1. Mar 11, 2010 #1
    Hi there,

    I'm wondering if anyone has any analysis or sources to help me understand how a Fresnel zone plate can be implemented on a curved surface, and the corresponding diffractive efficiency and focal length??

    Thanks!
     
  2. jcsd
  3. Mar 11, 2010 #2

    Andy Resnick

     
  4. Mar 11, 2010 #3
    What are the plates supposed to achieve? Focus light? From a plane wave? Simply take the points on your curved surface that have a distance d to the focal point f that has fulfills
    [tex]d \in \left[ \frac{(4n-1)\pi}{2 \lambda } ,\frac{(4n+1)\pi }{2 \lambda } \right], n \in \mathbb{N}[/tex]
    This will produce your Fresnell pattern. All light going through these points can interfere constructively in f. The complement will produce the same effect due to Babinet's principle.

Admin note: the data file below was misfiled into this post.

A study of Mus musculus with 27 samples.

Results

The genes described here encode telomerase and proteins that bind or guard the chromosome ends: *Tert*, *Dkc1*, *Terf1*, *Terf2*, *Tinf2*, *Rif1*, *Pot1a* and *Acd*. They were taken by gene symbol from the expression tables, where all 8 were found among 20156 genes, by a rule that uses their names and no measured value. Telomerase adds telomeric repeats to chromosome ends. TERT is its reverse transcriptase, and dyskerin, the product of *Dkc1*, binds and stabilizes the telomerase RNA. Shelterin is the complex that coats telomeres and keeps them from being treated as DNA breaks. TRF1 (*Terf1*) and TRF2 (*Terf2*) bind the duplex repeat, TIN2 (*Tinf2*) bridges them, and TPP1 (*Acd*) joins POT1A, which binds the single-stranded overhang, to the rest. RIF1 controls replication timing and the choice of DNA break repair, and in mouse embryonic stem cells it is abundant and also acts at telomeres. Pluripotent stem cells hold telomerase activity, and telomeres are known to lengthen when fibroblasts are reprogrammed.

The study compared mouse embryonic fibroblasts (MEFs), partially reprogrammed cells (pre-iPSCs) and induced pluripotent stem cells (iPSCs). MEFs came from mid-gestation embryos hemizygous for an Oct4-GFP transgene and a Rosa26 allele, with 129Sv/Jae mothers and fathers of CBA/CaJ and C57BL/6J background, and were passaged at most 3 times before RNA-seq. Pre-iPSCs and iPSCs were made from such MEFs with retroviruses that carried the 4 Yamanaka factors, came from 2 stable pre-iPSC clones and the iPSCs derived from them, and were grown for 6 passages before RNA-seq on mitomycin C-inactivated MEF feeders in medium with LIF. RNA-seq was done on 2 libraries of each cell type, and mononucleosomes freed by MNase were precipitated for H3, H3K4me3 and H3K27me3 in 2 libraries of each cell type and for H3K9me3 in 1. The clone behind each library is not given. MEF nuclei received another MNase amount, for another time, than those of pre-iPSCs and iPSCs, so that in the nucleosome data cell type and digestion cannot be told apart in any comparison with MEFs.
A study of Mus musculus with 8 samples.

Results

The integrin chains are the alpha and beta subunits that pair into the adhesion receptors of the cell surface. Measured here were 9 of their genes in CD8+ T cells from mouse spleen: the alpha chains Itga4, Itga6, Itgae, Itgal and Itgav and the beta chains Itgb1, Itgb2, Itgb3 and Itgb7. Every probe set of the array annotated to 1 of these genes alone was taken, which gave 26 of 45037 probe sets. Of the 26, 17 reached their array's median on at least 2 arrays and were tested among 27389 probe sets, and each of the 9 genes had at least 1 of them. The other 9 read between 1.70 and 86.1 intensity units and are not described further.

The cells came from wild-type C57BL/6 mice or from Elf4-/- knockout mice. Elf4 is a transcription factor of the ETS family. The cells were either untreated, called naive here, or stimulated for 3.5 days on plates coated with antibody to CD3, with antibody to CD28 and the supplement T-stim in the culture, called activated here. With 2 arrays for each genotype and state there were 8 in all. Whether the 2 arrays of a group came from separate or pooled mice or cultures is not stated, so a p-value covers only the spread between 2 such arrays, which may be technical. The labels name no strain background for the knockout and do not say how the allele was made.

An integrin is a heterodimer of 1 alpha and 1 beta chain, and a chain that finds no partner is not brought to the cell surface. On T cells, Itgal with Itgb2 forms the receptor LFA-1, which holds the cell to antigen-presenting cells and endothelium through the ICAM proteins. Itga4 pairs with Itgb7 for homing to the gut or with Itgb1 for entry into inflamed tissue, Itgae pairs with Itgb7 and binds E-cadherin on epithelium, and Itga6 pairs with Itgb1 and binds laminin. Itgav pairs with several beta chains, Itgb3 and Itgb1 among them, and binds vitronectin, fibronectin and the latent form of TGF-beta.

5. Mar 12, 2010 #4
    Hi,

    I'm curious about using Fresbel zone plates implemented on contact lenses (RGP) for an alternative method of focusing.

    So yes, I'm looking to focus light at a certain point from a plane wave, thanks deadbeef, that's useful!
     
  6. Mar 12, 2010 #5

    sophiecentaur

     
  7. Mar 12, 2010 #6
    The tear film lens effect behind the lens is pretty well understood (generally giving a +0.25 D addition per 0.05 mm difference between corneal curvature and back RGP lens curvature) and can be corrected for generally by providing an intrinsic correction in the lens.
     
  8. Mar 12, 2010 #7

    sophiecentaur

    So the front of the fresnel lens is, in fact, smooth?
     
  9. Mar 12, 2010 #8
    What do you mean by smooth? Planar?
     
  10. Mar 12, 2010 #9

    sophiecentaur

     
  11. Mar 12, 2010 #10
    Oh yeah, it would be smooth, just a series of opaque and transparent sections on a smooth surface.
     
  12. Mar 15, 2010 #11
    That's a Fresnel lens. IT is similar but not the same as the zone plates. And a Fresnel lens would really hurt your eyes.